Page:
Crowdfunded Comics that deserve more attention #4: Doomsday my Dear

So I was puttering around on Patreon looking for a fun project to read and write about when I stumbled across a little webcomic called Doomsday my Dear.  I started reading it on its webpage and I just couldn’t stop.  The comic updates twice every week and has been going steady for a while now.  It is currently on Patreon and is funded on a per page basis, which means if you give $1 per page you can expect to give around $8 a month.

Patreon link:


What is it?

Doomsday my Dear is an ensemble webcomic about a not too distant future where London is being ravaged by a mysterious disease known as “The Blood Plague”.  Basically how it works is this: people with a certain genetic make up, called “Carriers” in the comic, carry a non contagious form of the plague from birth.  While the carrier is unharmed and can live a normal life problems arise when the carrier has children.  When a carrier has a child, even with a non infected human, the baby is born with an incredibly virulent and incredibly contagious disease that kills any other child who breathes it in.  One of the only ways to tell if anyone carries the plague is by looking at their eyes, which usually are different colors.


Fan art by E.D Mead.

While the disease isn’t threatening to wipe out the human race in one fell swoop, which would prompt a rapid and brutal government crackdown you’d normally see in zombie or other plague films, it does prompt enough worry to turn London into a totalitarian military state.  In response to the plague Great Britain begins issuing procreation licenses and registering the names of all known carriers who are forbidden to have children.  If you’ve seen X Men you know exactly what happens next.

The comic begins with the election of Narissa Gilingham as Prime Minister of Great Britain who ran on the platform of eradicating all Carriers from the British population, which isn’t the start of something sinister and evil at all (note: sarcasm is REALLY hard to convey in writing)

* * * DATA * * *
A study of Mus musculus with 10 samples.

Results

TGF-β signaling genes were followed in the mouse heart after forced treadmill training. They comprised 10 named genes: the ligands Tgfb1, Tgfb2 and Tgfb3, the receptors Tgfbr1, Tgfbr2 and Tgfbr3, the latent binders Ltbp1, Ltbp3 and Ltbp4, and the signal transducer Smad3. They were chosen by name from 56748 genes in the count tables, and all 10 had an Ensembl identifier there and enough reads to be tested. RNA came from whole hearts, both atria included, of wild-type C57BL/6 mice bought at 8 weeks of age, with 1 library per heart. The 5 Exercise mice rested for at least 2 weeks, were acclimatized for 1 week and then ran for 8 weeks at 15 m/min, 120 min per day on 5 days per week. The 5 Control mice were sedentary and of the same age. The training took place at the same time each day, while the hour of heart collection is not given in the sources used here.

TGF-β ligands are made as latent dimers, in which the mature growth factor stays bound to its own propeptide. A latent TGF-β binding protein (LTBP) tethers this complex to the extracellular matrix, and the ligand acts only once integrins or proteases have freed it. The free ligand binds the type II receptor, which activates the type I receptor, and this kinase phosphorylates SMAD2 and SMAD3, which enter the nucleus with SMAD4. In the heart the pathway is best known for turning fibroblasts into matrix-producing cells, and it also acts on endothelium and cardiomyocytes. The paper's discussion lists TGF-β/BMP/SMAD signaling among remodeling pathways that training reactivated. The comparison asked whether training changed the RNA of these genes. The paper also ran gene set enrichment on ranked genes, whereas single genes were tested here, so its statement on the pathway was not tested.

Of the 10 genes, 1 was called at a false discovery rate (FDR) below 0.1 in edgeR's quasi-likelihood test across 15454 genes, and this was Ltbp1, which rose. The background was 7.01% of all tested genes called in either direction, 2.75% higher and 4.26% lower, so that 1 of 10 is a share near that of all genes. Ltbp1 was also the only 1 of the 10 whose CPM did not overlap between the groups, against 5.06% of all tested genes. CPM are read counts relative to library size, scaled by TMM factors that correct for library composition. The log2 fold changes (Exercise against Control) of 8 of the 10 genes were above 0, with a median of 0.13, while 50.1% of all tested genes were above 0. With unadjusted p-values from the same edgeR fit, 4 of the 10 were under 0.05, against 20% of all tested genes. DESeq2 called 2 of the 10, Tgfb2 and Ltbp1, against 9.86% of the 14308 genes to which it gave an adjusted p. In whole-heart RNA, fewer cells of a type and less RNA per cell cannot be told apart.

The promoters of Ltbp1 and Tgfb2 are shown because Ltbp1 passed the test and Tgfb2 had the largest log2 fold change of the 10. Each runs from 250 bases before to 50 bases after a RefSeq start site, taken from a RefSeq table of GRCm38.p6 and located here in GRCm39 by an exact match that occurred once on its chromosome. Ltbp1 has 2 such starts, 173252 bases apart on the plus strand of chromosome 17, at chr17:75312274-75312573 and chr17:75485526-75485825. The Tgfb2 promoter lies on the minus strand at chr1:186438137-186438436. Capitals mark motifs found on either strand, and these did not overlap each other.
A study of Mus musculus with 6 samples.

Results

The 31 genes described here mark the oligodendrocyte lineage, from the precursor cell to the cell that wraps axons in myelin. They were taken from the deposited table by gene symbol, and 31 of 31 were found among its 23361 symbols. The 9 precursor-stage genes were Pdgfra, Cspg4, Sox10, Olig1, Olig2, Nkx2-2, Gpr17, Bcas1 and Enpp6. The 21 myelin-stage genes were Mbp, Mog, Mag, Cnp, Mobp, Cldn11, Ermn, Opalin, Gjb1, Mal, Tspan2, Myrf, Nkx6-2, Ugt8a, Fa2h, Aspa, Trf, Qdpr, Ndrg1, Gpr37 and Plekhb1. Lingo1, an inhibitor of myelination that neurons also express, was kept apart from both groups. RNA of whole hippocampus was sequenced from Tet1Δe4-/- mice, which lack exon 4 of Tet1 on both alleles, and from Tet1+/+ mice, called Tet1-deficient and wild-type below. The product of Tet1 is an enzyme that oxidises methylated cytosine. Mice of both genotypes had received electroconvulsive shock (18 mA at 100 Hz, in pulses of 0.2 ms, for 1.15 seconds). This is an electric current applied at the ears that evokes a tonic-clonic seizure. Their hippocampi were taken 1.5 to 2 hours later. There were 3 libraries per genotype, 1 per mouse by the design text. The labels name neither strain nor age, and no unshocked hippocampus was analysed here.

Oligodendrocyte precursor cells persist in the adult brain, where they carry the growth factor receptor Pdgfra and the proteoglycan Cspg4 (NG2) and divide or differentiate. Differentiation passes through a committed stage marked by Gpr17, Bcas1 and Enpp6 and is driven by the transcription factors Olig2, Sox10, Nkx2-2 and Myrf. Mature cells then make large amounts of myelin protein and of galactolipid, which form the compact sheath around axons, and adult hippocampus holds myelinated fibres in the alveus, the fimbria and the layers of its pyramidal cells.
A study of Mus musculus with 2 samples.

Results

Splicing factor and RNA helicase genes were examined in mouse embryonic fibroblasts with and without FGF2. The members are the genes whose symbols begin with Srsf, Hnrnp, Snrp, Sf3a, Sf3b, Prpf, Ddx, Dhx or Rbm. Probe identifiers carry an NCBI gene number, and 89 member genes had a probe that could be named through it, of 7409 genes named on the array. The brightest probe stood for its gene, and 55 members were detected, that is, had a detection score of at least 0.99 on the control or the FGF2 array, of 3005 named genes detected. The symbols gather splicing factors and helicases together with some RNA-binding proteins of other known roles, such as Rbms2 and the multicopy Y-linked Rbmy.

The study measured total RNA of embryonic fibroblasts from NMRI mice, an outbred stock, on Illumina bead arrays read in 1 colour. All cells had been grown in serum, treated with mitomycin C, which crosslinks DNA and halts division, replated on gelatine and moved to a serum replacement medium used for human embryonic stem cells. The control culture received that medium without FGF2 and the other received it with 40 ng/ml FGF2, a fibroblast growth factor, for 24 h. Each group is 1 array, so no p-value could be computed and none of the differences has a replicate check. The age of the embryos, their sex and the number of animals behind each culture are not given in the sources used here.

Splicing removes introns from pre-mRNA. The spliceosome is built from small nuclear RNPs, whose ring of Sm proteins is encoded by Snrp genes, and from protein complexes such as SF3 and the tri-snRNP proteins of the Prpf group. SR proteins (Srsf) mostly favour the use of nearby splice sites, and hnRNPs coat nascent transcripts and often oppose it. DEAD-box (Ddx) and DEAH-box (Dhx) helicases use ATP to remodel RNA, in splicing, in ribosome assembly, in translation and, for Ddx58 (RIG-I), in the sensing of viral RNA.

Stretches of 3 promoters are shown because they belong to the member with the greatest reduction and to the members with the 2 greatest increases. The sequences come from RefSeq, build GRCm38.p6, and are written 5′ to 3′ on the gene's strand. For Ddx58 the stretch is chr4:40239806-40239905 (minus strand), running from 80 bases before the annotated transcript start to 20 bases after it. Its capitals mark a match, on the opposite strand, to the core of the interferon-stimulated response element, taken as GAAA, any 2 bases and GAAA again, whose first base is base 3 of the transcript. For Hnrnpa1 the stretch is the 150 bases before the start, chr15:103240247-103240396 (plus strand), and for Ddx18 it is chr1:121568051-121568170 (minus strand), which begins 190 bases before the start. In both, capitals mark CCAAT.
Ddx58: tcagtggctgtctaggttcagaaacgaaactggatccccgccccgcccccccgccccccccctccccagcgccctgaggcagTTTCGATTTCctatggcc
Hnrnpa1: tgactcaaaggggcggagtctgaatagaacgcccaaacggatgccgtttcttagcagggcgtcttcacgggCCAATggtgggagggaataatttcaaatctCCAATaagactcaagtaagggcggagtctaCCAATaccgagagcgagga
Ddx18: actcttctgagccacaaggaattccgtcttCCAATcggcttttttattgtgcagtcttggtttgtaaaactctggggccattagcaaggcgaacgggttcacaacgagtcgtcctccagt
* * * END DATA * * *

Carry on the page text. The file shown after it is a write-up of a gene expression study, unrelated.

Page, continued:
Don’t let her half smile fool you, this woman is ruthless.  Within days of her election the streets are filled with police forcibly taking Carriers to a compound called “Paradiso” and anyone who does not comply is shot.

The comic itself is an ensemble work following the lives of regular people living in this new world.  The comic covers everyone from scared teenage Carriers, to members of the military and police, to terrorists seeking to bring down the system.  It is a massive epic story filled with love, loss, violence, and a Prime Minister who seems to display signs of other worldly powers.

Why I like it:

For starters the artwork is amazing.  The comic is written and drawn by a lady named Cami Woodruff, who graduated from Savannah College of Art and Design and is currently working as a storyboard artist for the hit tv show Archer 


(if you are reading this Ms. Woodruff then hello and sorry if this seems a bit weird)

Besides having an artist that really knows what she is doing the artwork kind of looks like an early 90’s Disney animated movie, and I love early 90’s Disney animation.


But despite the cheery feelings the art style helps elicit the story is anything but.  This is a scenario we’ve seen a thousand times before, a disease ravaged country coming under the grip of a totalitarian government filled with death squads, questionable government actions, and a very prevalent sense of dread.

It’s not a very happy story and the comic is very good at showing the fear and terror that an event like this would inspire.

But that’s not why I really like this comic.  I really like stories that put a different spin on popular subjects or genres (hell I make a webcomic about a family of super villains so of course I do) and this comic does that brilliantly.

Unlike a lot of doomsday stories where the government is an evil monolithic entity every character is presented as a normal human being who is only doing what they see is right.  Plague carriers, resistance leaders, government officials, soldiers, and normal civilians are all shown in the exact same light and treated just like any normal human being would.  All of them have their hopes, dreams, and ideals.  They all drink, gossip, and screw.  Even when one of the main characters does something terrible or questionable it is presented in such a way that you can kind of understand why they did it and you feel sorry for them when they are forced into a situation they don’t want to be in.

Anyway, I could go on all day about this but I’m just going to let you see for yourself.  I definitely encourage you to check out this comic and donate to it’s Patreon page if possible.